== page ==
As I sit here at 5 AM, waiting for sunrise, with one friend passed out in the backseat of her car that’s parked in the Caesar’s Atlantic City Hotel and Casino parking garage (because, as we found out, rooms are $799 tonight) and another dozing in the chair next to me, I can’t help but think about how I got here. In this abandoned corner of Caesar’s Casino, Natalie Merchant’s “Wonder” is the unfortunate soundtrack to my thoughts. Our goal is to see the sun rise somewhere we never have before. So, we decided to watch the sun rise over the Atlantic for the first time of 2014 in Atlantic City.
I’ve seen the sun rise in Paris, the Shenandoah mountains, Connecticut, California, New York City, all over Virginia, Penn State, and more places than I can remember, but this is probably the most significant sunrise for me (and I’m in New Jersey, of all places). I’m finally feeling a shift in my heart. All I’ve hoped and prayed for after struggling with depression for eight years is a change in perspective and attitude. It’s something so small, but so seemingly impossible for someone with depression. But, I’m feeling it and the most exciting part for me is that I know that I’m doing it. I’m finally learning from the mistakes I’ve made in the past few years and from letting five years slip away from me because of chronic pain and depression.
I can’t change much about the pain I deal with every day, but I can stop it from stealing away the parts of me that make me who I am. I can feel myself emerging the person I used to be, a little more every day. The person who cared most about her family, friends, helping people, and seeing the world. The person who would laugh so hard my throat would hurt. I think I’ve laughed harder and with more heart in the past month than I have in the past five years. The double-edged sword of antidepressants is that they may make the lows more bearable, but they make the highs dull. Being numb to everything to avoid the negative spectrum of emotions robs you of the best feelings. That’s the effect they had on me. I guess I see now that when my friends told me a few years ago that I changed, they were right. And, if it were back then, I would be mad about it and I would argue I couldn’t help it. But, now, I just feel acceptance. Things unfold the way they do and I believe there is reason behind it.
2013 was an unfortunate, but necessary year for me. I went through a lot, but more importantly, like I said, I actually learned from it. I decided to end a significant relationship, and I’m glad that I did, because I came out of it broken. I don’t know who I’d be today if I had remained in that relationship. He was manipulative and wore down what little self-confidence I had over the course of our 1.5-ish year relationship. And, after it was over, I had to hold my ground and stand up for myself repeatedly, because he didn’t respect my demands that it needed to end. It finally did, though. While I would rather have avoided the heartbreak altogether, I can appreciate that it happened and that it was important. I literally had to build myself back up, one brick at a time. Most days, I backtracked and self-sabotaged, but it eventually made my foundation stronger. I am more realistic now about my expectations of myself and others.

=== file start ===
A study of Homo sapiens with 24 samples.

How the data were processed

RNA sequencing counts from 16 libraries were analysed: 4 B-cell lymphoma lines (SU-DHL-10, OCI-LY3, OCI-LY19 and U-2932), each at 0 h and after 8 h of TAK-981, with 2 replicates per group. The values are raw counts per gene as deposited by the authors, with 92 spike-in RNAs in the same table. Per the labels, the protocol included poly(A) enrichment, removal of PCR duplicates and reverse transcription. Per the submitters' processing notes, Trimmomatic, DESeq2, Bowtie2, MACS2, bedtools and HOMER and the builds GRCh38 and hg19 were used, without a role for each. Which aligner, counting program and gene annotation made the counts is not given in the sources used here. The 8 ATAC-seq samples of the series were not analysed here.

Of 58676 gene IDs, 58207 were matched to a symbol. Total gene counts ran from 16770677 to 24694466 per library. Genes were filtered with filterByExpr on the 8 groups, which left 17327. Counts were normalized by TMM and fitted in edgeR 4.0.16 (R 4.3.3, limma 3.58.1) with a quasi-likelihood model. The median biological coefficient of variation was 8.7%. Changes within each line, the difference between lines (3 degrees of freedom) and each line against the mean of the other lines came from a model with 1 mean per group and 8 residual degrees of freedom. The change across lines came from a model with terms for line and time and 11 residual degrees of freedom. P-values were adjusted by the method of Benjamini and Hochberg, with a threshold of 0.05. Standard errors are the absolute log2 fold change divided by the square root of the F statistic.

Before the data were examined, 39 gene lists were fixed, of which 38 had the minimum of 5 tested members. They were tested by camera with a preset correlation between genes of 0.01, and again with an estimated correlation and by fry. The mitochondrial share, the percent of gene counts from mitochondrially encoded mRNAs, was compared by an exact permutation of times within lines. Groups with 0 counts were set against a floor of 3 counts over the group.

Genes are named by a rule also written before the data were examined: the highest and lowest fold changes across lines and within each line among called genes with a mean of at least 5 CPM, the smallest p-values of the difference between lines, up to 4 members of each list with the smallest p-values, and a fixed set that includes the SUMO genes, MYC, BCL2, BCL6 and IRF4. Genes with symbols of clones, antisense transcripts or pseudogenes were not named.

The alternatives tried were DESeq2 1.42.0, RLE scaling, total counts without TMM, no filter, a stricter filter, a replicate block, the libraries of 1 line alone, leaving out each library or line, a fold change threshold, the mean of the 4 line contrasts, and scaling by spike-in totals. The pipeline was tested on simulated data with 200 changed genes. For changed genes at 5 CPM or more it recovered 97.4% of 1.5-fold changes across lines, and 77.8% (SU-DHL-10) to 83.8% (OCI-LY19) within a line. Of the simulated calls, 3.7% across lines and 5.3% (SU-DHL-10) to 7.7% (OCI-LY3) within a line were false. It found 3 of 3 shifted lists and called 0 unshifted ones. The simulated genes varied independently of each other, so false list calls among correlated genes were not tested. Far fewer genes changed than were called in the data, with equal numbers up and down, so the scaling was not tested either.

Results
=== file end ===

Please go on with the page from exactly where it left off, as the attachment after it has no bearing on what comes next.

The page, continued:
The main theme of my 2013 was fear… crippling fear that held me back from so many things. Fear disguised as what doctors told me was “anxiety.” I never associated anxiety with fear in my mind, because I didn’t have a reference point for anxiety, so it seemed to be something separate. I never really understood it. I feel like I would have handled things differently if someone had told me, “Hey, you’re just scared!” It wasn’t until I finally made that simple and, frankly, obvious connection that they were one in the same that anxiety made sense to me. I realized that I just needed to identify what I was scared of.
My goal for the new year is to embrace the fear, as terrifying as that sounds. Forcing yourself outside your comfort zone is a sure way of getting to know yourself and seeing what you’re capable of. That’s why I am challenging myself to say “yes” to at least one thing I’ve never done before every week (which is what I will write about under “new adventures”). Seeing the sun rise in Atlantic City definitely falls under that category.
Here’s that sunrise. 2014 is going to be my best year, yet.
P.S. If anyone knows where the title of the post is from, without a Google search, you’re awesome.